The First Amendment Coalition awarded ProPublica its Free Speech & Open Government Award for “Trump Town,” a series of articles and a searchable database of 2,724 of President Donald Trump’s political appointees, along with their federal lobbying and financial records.
Led by ProPublica research reporter Derek Kravitz, news applications developer Al Shaw, research fellow Claire Perlman and researcher Alex Mierjeski, the project started with a simple question: Who is being appointed by the Trump administration to run federal agencies? After Trump took office, the White House said it was deploying 520 political appointees on so-called “beachhead teams” of temporary employees, but it would not release details about who they were or what offices they were working in.
In response, the ProPublica team launched an enormous fact-finding mission that involved filing more than 200 Freedom of Information Act and open-records requests, collecting staffing lists and publishing financial disclosure reports. When they couldn’t get the names of White House staffers, they partnered with The Associated Press and The New York Times to make a publicly accessible Google Drive folder to help crowdsource the missing names and review appointee documents. What they found: Dozens of obscure Trump campaign staffers, and people who have embraced conspiracy theories, had populated the government through hiring mechanisms meant for short-term political appointees, as well as Washington insiders who could be reasonably characterized as part of the “swamp” that Trump pledged to drain.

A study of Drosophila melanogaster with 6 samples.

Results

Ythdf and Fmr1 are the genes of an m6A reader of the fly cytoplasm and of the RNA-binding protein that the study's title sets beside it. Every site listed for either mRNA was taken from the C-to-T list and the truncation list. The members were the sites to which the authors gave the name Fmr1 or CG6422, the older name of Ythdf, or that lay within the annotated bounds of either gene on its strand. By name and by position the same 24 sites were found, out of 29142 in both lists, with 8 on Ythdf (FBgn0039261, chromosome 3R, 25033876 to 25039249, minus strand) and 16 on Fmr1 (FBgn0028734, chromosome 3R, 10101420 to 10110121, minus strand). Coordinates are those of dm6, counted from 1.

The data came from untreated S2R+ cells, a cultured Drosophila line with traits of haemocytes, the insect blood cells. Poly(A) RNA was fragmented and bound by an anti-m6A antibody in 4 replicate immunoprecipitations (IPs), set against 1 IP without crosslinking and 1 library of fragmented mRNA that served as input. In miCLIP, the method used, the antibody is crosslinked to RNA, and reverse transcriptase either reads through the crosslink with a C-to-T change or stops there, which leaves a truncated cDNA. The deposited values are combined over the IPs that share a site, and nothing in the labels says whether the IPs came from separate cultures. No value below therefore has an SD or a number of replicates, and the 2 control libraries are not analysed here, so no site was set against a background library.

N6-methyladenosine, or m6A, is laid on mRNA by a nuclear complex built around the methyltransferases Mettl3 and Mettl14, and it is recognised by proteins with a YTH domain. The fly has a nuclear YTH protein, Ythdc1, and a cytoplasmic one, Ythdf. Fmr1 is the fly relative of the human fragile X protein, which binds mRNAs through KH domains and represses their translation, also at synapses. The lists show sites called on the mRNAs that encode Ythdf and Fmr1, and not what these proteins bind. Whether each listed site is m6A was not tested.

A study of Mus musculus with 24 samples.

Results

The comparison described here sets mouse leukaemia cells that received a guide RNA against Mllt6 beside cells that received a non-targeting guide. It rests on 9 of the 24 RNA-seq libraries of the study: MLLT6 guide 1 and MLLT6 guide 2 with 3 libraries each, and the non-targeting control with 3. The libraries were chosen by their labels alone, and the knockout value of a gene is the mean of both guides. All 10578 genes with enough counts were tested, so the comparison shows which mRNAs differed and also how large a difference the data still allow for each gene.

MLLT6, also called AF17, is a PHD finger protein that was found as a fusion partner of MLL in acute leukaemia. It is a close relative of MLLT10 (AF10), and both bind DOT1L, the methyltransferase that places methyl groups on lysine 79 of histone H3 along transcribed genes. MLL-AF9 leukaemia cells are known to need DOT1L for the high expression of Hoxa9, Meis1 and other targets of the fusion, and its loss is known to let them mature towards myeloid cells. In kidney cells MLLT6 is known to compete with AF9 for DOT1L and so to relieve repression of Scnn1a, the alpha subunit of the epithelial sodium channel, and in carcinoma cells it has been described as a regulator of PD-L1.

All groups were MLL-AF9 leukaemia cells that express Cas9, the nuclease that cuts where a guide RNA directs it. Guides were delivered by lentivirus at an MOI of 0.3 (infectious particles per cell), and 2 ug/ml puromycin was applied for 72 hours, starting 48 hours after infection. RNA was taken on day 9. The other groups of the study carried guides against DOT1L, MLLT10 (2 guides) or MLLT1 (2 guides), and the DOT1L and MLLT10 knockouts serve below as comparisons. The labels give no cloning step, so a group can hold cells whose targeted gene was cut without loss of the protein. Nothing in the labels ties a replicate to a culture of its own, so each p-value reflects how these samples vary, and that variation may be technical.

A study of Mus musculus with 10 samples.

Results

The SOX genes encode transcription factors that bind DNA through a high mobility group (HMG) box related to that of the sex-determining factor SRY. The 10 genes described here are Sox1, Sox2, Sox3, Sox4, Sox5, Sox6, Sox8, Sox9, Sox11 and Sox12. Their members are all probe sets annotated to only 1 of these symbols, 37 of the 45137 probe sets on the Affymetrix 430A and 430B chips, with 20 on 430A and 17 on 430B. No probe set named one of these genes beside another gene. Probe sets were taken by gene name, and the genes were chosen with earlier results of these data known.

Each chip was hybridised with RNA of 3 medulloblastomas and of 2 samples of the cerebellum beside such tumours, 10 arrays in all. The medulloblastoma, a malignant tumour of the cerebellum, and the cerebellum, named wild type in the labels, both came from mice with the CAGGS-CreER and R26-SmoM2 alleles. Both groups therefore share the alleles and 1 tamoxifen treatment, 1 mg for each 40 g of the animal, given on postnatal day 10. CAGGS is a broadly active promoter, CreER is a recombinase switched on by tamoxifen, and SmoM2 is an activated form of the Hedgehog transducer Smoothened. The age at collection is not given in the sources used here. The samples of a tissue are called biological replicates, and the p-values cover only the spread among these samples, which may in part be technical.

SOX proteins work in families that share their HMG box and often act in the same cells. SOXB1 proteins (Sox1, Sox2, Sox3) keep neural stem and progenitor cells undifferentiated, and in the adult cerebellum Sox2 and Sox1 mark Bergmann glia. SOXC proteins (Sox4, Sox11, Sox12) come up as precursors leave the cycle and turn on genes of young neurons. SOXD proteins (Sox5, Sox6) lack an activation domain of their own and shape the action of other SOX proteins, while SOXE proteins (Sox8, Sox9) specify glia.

Since the publication of “Trump Town,” several appointees have resigned. Following pressure by Democratic senators calling for more transparency, in June the White House began releasing ethics waivers of its appointees.
“The task that ProPublica took on was enormous, to say the least — it fought and negotiated for access to public information every step of the way to shed light where light was needed,” said FAC Executive Director David Snyder. “Its work paid off and is a great example of just how important aggressive and meticulous investigative journalism is.”
Learn more about the Free Speech & Open Government Award here.